I'd met Vilmar two years ago when I was exploring anti-hunger movements for a book I have coauthored with my mother, Frances Moore Lapp}, as a sequel to her 1971 cookbook and manifesto, Diet for a Small Planet. To Vilmar, I'd been just another foreigner interested in his social movement, the largest of its kind in Latin America. To me, Vilmar was a character in my book. His was a voice to humanize the struggle for land and dignity, a way to personify the accomplishments of the Landless Workers Movement. My mother and I had been drawn to Brazil by the drama of landless peasants wresting land from large landholders who for centuries had claimed the best land as their own while leaving most of it unused. The Landless Workers Movement (or MST, after its Portuguese acronym) emerged in the late 1980s around a constitutional clause requiring the government to redistribute idle land.
I'll never forget our introduction to the MST local staff at their southern headquarters in Curitiba. We had just arrived when two men entered the office, their arms slung around each other's shoulders. They invited us to join them for dinner at an all-you-can-eat pizza parlor. This was how I met Vilmar and his doppelg`nger brother, Dirceu.
As countless slices of improbably topped pizza passed by our table, Vilmar described the lawsuits pending against his brother, brought in response to an MST-sponsored sit-in meant to pressure the government to turn over unused land. Vilmar told us that more MST members had been killed in the struggle for land reform than had been "disappeared" under the military dictatorship that had reigned for more than two decades. But the conversation quickly turned from what they were fighting against to what they were fighting for. We began discussing education, as we would with almost everyone we'd meet, and the thousands of schools the MST has created.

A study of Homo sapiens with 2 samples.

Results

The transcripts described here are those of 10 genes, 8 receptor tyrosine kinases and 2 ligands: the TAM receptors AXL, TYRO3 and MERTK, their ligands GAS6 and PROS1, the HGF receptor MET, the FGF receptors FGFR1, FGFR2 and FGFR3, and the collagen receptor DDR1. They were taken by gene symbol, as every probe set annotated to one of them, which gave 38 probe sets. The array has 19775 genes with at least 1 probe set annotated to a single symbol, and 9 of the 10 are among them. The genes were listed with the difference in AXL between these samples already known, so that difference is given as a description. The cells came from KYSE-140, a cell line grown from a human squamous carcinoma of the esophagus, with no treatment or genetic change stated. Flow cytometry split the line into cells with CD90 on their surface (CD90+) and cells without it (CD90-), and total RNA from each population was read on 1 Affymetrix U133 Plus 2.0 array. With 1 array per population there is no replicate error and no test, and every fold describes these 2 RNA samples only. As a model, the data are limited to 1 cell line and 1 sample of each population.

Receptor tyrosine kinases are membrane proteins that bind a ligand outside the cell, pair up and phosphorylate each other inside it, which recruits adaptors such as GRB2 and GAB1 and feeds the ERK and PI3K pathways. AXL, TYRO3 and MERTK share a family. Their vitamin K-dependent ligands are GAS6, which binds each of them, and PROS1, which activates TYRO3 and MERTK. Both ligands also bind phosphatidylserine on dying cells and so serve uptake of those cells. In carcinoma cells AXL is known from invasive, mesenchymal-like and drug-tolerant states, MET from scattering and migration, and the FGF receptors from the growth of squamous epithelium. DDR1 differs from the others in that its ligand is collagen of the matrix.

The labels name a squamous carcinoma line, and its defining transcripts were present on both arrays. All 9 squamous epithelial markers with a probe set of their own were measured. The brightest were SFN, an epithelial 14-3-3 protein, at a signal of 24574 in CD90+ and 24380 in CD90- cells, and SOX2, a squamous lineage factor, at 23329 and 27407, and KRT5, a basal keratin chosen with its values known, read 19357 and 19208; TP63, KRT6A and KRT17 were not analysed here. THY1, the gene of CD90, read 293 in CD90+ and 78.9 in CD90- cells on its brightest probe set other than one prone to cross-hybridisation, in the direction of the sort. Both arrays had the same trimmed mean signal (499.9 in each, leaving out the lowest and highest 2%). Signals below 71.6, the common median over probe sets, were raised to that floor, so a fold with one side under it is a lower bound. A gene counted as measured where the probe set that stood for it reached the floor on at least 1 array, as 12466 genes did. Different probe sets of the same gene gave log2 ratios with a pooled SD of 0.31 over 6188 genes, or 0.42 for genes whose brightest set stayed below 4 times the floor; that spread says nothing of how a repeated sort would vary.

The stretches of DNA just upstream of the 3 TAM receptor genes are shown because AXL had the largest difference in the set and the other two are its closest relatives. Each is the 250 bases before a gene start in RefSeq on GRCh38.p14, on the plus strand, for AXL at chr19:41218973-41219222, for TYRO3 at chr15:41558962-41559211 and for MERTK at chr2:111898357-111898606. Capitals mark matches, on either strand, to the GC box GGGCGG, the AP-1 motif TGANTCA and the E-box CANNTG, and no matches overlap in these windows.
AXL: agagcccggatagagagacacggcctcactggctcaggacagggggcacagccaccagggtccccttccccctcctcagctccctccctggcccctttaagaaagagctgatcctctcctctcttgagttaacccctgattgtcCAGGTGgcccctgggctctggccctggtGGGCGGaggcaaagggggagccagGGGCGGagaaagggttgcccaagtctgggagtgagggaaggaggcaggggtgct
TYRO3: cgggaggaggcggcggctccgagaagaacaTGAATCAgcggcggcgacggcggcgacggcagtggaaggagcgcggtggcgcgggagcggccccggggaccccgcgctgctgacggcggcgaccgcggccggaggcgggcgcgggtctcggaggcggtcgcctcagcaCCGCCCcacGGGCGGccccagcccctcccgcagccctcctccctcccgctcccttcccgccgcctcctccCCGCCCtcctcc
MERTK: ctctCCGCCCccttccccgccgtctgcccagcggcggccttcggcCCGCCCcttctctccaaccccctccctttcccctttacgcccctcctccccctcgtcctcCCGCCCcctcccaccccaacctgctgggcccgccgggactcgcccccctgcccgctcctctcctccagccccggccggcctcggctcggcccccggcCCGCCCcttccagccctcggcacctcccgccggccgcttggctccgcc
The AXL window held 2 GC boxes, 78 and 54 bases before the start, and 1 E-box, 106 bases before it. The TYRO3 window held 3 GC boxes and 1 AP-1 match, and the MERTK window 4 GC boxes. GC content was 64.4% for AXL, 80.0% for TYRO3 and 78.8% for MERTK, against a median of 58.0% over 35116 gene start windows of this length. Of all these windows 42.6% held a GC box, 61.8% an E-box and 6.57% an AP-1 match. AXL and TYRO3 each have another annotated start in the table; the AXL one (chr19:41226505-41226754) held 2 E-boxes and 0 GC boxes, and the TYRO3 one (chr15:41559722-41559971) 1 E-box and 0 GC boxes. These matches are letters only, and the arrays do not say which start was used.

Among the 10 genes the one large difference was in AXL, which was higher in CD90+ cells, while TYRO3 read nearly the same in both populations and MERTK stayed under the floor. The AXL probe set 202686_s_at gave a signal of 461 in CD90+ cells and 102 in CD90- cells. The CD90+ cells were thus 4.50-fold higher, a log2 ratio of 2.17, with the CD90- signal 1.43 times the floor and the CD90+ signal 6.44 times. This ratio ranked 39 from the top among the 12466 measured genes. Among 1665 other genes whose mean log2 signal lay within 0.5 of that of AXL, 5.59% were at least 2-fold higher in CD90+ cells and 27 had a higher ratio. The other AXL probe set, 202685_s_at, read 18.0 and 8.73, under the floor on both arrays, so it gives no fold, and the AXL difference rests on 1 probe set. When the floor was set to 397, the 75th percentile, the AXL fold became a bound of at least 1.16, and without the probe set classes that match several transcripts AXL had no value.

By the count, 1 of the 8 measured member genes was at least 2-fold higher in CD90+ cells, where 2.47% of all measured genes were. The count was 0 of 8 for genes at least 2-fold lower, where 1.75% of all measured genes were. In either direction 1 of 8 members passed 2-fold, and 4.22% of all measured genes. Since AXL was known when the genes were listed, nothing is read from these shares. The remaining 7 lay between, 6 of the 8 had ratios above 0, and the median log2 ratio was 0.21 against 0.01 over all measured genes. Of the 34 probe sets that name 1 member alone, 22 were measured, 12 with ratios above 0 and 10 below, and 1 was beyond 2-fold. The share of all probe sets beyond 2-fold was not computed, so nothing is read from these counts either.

The day after our pizzafest, Vilmar took us to our first encampment in a place called Lapa, in the state of Paran!. Encampments, now numbering in the thousands across the country, are the first step in the MST process of settling landless peasants. They are a sort of purgatory, marked by a period of waiting. The landholder has relinquished control, but the MST doesn't yet have official title. At Lapa one family we approached answered our questions with patience and openness while sitting outside their house, a shack constructed from thin black plastic pulled around tall poles. The parents described their arrival here four years ago only to face a landlord with hired gunmen. The families at Lapa were lucky; no one in their community was killed. But among the others settled by the MST - 250,000 families on 17 million acres of land - many have not been as fortunate.
My mother and I called our book Hope's Edge. After it was published earlier this year, we traveled on a book tour that took us across the country. People would often ask about our title. How could we have hope after all we'd seen? It was Vilmar's face I would conjure to help me answer. Hope, I'd learned, is not what we find in evidence; hope is what we become by taking action. Hope, I'd say, is more verb than noun.
Vilmar's e-mail this morning did not bring the usual news of death, injury, and trials. Today the news was good. The families we'd met in Lapa had received official title, and with it the chance for better farms, houses, and schools - the possibility of home.
Anna Lapp is the coauthor of Hope's Edge: The Next Diet for a Small Planet (J.P. Tarcher/Putnam, 2002; www.hopesedge.com).